Globally, one of the most important patterns that scholars highlight in the early modern era is the gradual unfolding of the “Military Revolution” in Europe-a profound military, political and socioeconomic transformation between the sixteenth and eighteenth centuries. Such an approach usually focuses on the European expansion around the world, in particular the Spanish conquests of the Aztec and Inca states and the arrival and establishment of European navies in the Indian Ocean, where local Islamic and Indian states proved to be unable to retain supremacy of the seas. Equally interesting, however, is the increasing ability of Europe to fight off the Ottoman attacks, clearly revealed when comparing the Christian failures of the early sixteenth century with successes of the seventeenth century.
The European conquests-of Cortes and Nuno de Guzman, in central Mexico, Pizzaro in Peru, Francisco and Pedro de Alvarado Orozco in Guatemala, or Francisco de Montejo in the Yucatan Peninsula to name just a few-consequently followed the pre-Columbian trade routes which greatly contributed to their success. From the earliest years of Spanish colonization of the western hemisphere, the Spaniards became aware of how quickly they could seize control over local population by capturing local leaders. This tactic may have had precedents in Spanish experiences with the Moors or in North Africa, but the surprise capture of the local ruler during a seemingly friendly negotiation became a standard. Thus, in 1519, Cortés, invited to an audience with the Aztec emperor Moctezuma II, captured the emperor in an attempt to seize control of the empire. His success inspired Francisco Pizzaro to capture the Inca leader Atahualpa in 1531.
Despite the popular perception of the Spanish conquistadors as invincible and gallant warriors, the real story of success lies in local elites’ early support for foreign invasions. Their motivation included both the desire to free themselves from existing military and tributary controls as well as the opportunity to aggrandize themselves with land and riches. Indeed, alliance-building was a fundamental practice in Mesoamerica, successfully used by the Aztecs in the form of the Triple Alliance (confederation of city-states of Tenochtitlan, Texcoco, and Tlacopan) to incorporate much of the region into their empire prior to Europeans’ arrival. When Cortés arrived in Mesoamerica in 1519, the Fat Cacique of Cempoala followed a long-standing alliance-building tradition in offering the Spaniard an alliance with Tlaxcala, Huexotzingo, and other city-states against the powerful Aztecs; the presence of tens of thousands of native soldiers allowed the Spaniards to bring down the Aztec empire.
Mesoamerican War Strategy, Battle Tactics, and Armaments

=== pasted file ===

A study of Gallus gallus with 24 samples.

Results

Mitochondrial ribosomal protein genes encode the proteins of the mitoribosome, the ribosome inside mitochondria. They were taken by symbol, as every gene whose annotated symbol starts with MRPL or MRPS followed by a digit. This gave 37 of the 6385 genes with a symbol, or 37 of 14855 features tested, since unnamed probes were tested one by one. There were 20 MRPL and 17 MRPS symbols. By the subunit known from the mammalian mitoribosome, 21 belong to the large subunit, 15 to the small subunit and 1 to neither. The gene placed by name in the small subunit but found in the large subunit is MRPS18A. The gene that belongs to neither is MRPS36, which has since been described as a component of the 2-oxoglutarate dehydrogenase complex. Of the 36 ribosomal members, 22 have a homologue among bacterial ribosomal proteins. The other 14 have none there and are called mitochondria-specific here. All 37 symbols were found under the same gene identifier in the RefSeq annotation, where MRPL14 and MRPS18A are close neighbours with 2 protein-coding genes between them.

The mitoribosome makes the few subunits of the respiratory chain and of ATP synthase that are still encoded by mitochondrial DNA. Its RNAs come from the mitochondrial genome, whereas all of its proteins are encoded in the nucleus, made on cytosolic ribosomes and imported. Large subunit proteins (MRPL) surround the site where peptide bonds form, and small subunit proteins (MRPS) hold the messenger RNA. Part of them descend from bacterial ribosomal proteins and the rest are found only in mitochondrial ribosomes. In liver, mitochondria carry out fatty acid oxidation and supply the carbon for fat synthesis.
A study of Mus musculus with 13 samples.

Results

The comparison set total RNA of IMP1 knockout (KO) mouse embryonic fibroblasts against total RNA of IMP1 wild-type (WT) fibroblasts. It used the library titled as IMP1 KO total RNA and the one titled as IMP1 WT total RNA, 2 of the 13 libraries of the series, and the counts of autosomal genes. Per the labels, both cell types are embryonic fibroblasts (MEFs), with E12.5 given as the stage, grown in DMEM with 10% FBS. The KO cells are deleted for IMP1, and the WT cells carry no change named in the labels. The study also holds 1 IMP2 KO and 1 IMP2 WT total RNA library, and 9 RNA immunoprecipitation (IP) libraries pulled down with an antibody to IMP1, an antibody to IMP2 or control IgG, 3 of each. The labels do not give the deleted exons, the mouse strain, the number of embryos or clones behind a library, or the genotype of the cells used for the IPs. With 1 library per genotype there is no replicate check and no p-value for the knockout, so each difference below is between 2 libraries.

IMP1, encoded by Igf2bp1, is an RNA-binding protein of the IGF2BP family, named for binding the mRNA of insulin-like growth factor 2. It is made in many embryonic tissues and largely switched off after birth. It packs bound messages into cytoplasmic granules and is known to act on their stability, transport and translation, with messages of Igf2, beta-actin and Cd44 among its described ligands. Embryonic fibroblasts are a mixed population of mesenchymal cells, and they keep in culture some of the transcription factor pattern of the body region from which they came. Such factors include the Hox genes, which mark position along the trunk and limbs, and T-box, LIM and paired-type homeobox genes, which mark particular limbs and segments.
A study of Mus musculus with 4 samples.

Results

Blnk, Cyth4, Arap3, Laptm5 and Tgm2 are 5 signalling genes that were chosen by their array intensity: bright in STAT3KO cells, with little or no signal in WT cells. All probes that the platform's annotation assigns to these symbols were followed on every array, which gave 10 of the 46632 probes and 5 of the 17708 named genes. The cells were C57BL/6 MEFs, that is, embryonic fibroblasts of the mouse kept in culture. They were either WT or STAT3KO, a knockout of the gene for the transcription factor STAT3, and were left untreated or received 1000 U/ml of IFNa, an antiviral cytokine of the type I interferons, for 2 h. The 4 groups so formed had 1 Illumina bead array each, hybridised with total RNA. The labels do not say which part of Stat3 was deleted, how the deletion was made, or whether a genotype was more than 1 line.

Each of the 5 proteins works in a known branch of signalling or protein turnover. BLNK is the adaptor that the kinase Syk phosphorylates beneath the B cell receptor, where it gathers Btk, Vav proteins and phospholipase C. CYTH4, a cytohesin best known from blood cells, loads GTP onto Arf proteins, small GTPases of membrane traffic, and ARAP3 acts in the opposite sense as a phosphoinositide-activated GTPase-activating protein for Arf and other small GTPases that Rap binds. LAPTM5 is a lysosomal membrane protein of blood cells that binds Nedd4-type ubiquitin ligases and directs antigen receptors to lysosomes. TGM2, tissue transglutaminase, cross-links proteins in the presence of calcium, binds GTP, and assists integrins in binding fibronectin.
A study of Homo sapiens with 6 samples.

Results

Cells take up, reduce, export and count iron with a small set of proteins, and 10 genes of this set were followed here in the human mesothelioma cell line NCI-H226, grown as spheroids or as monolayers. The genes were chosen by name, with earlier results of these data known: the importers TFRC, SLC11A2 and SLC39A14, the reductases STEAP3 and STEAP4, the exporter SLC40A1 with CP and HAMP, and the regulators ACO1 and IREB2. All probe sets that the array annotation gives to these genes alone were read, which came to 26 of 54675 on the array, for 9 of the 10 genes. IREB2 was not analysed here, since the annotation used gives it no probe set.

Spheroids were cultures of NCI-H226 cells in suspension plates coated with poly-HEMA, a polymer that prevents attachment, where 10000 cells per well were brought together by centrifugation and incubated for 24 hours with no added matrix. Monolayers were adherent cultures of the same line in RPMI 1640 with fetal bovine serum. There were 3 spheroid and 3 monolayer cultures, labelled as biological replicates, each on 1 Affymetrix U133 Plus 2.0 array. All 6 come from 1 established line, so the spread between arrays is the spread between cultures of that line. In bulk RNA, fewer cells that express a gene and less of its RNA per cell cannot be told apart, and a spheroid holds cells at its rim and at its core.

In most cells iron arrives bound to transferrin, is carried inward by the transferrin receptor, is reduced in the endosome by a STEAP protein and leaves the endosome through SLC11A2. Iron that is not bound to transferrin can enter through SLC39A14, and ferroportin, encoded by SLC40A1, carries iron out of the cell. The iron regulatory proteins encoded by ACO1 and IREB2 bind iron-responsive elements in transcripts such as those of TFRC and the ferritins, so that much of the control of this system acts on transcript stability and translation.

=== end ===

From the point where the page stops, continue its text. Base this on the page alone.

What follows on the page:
The Indians of pre-Hispanic Mexico developed strategic war aims, battlefield tactics, and arms and armaments to suit the societies they created. Aztec warfare, as well as that of other neighboring polities and cultures, primarily aimed to capture but not kill opposing warriors, who would then be sacrificed to various deities. Whereas Eurasian armies developed well-organized and highly maneuverable infantry and cavalry formations, the Aztecs and their neighbors, as well as all of their predecessors, lacked close-ordered drill and instead stressed charges and individual combat designed to win prestige by acquiring sacrificial victims. They still, however, also fought for larger objectives, namely conquest and subjugation, as representations of stylized burning temples and tribute lists in the few extant Mexica codices (bound books) make abundantly clear.
The Aztec (or Triple Alliance) order of battle illustrates the height of pre-Hispanic arms and armaments in Mesoamerica. The Aztecs fielded armies as large as 100,000 to 200,000 fighting men, divided into 8,000-man units. Lightly armed scouts and skirmishers, carrying atlatl launchers and spears, preceded the more heavily armed main body of warriors. These warriors wore quilted cotton armor; carried painted, sometimes feathered, round shields; and employed razor-sharp obsidian-bladed clubs and knives as well as slings, darts, and other weapons to make war. The highest-ranked among them, including commanders and members of prestigious military orders, such as the Otomi who were named after an especially fierce tribe of neighboring Indians, and at times the emperor himself wore elaborate feathered costumes and sandals. The more elite the military order, the more elaborate the feathered costume. Reserve forces, including conscripted troops from conquered provinces, followed.
Such formations failed to survive Spanish battlefield tactics and arms and armaments during the conquest of Mexico. While the Aztecs obsidian-bladed club could and did decapitate horses, it proved too unwieldy and could not match the Spaniards’ steel swords, which could parry, slash, and thrust, not to mention the Spaniards’ determination to destroy and not merely capture their opponents in war.
Bibliography Hassig, Ross. Aztec Warfare: Imperial Expansion and Political Control. Norman: University of Oklahoma Press, 1995. Padden, R. C. The Hummingbird and the Hawk: Conquest and Sovereignty in the Valley of Mexico, 1503-1541. New York: Harper and Row, 1970.